Leveling the Labor Playing Field

Feb. 1, 2001
ORGANIZED labor officials are trying to put on a good face, but the plain truth is that they will have significantly less clout with the new Republican

ORGANIZED labor officials are trying to put on a good face, but the plain truth is that they will have significantly less clout with the new Republican Administration in Washington DC. That should be good news for the businesses that transport, ship, and store liquid and dry bulk products.

It's hard to say at this time what sort of labor agenda is being contemplated by President George W Bush and his administration. Senate confirmation hearings for Labor Secretary Elaine Chao shed little light on the subject. It may be months before anything definite emerges.

At the least, we hope that the playing field will be more level with respect to labor-related regulatory issues. During the Clinton/Gore Administration's eight-year reign, the Department of Labor became little more than a wholly owned subsidiary of the AFL-CIO.

Ergonomics is a hot-button issue that could pop up on the Bush Administration's radar screen fairly soon. Controversial ergonomics rules were forced through in the waning days of the Clinton/Gore Administration, and a number of court fights are looming.

Implemented on January 16, the new rules will have a wide-ranging impact on industry in general. In terms of cost, estimates range as high as $100 billion annually for all US industries when reengineering expenses are factored in, including the cost of automation. The American Trucking Associations estimates the cost at $6.5 billion for trucking alone.

The rules are tough and punitive for the trucking industry. Injuries addressed in the rule are those associated with the risk factors of repetition, force, awkward postures, contact stress, and vibration. The vibration aspect certainly applies to truck drivers, and lifting is involved even for those who work around tank trucks.

Between now and October 14, employers are supposed to identify risks in the workplace and set up ergonomic programs. If problems cannot be eliminated within 90 days, employers must conduct a full ergonomics program, which may lead to reengineering of the workplace. Those that fail to take action face stiff fines.

The final rules were published even though there is scant scientific evidence to support them. Critics continue to contend that no direct link has been shown between jobs and repetitive stress injuries, and that government intervention is not needed in the private workplace.

It's hard to say what the Bush Administration can or will do about the ergonomics rules. Options are relatively limited. The best hope for industry is a favorable decision in one or more of the court cases that are pending.

The Bush Administration will have more of a say on hours-of-service revisions. Last year, the Federal Motor Carrier Safety Administration unveiled a nightmarish proposal that would have put Big Brother in the truck cab and significantly cut driver productivity. That was followed with a grassroots effort by just about everyone in the trucking industry to block the proposal. Then came legislation in Congress to block implementation for at least 12 months.

It is doubtful that any further action on hours-of-service reform will take place until sometime in 2002, but FMCSA is allowed to continue work on the proposal. The trucking industry and drivers should fare much better in the next round, which could very well start over from scratch.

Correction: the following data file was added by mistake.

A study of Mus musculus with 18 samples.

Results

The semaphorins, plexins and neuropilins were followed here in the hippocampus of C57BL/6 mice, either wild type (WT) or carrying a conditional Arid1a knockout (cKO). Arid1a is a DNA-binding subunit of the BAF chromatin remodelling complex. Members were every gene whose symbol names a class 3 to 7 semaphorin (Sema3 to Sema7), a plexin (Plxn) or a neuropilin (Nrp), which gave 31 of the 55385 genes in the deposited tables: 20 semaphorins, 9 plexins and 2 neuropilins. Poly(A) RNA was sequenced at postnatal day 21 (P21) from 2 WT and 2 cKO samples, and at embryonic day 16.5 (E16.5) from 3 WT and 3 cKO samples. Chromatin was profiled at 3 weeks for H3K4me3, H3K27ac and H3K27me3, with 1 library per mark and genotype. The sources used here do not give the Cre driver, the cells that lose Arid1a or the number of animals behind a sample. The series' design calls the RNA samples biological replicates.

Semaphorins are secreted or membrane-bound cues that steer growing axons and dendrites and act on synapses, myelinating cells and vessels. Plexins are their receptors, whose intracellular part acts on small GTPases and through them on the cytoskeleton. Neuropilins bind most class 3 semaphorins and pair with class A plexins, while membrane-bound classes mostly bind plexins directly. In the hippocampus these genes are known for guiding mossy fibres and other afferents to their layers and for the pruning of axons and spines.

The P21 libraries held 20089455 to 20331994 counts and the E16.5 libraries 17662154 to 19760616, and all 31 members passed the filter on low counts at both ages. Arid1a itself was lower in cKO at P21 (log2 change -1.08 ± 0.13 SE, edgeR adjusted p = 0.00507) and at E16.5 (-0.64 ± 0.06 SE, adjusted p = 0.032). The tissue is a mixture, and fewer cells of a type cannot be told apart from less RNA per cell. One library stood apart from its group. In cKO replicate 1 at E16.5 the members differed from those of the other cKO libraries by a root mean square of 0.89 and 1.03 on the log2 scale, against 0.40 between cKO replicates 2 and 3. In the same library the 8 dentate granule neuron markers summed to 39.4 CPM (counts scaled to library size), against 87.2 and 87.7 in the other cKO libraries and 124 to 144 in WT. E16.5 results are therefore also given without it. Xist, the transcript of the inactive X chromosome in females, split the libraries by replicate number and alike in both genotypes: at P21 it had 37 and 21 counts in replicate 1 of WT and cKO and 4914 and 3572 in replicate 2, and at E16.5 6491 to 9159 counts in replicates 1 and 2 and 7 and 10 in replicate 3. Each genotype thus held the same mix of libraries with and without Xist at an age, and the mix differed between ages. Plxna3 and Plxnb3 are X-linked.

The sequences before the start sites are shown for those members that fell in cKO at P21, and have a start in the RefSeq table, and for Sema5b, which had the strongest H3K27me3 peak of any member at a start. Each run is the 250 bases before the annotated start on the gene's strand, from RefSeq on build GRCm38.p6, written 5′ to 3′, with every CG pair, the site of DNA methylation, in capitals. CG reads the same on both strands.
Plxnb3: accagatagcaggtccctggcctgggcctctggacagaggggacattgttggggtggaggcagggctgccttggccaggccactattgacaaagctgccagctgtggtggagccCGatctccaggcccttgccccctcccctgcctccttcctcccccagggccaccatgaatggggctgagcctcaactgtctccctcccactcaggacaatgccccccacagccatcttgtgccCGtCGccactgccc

Department of Transportation (DOT) jurisdiction over workers is an area that we hope will get Bush Administration attention. Over the past four years, Clinton/Gore officials at DOT systematically handed over jurisdiction for worker issues to the Occupational Safety and Health Administration (OSHA). It's time to reverse that trend.

DOT has a well-documented history of expertise on transportation-related worker issues, such as hazardous materials proximity and exposure. In addition, DOT has worked responsibly in resolving issues with the trucking industry.

OSHA, on the other hand, has no transportation background and is hostile to just about any type of business. OSHA has a reputation for being extremely punitive in regulatory enforcement. There is a definite bias toward labor, especially the unions.

Moving beyond workplace issues, the Bush Administration may take a more lenient position on foreign workers with the H-1B classification. It's time to include truck drivers in the H-1B program. This could be crucial in helping the trucking industry address continuing shortages in truck drivers.

All in all, the next four years may bring a more level playing field on the labor front. As National Tank Truck Carriers' Cliff Harvison says: It's difficult to find a truly level playing field in Washington. We'd just like to improve the grading a bit.

About the Author

Charles Wilson

Charles E. Wilson has spent 20 years covering the tank truck, tank container, and storage terminal industries throughout North, South, and Central America. He has been editor of Bulk Transporter since 1989. Prior to that, Wilson was managing editor of Bulk Transporter and Refrigerated Transporter and associate editor of Trailer/Body Builders. Before joining the three publications in Houston TX, he wrote for various food industry trade publications in other parts of the country. Wilson has a bachelor's degree in journalism from the University of Kansas and served three years in the U.S. Army.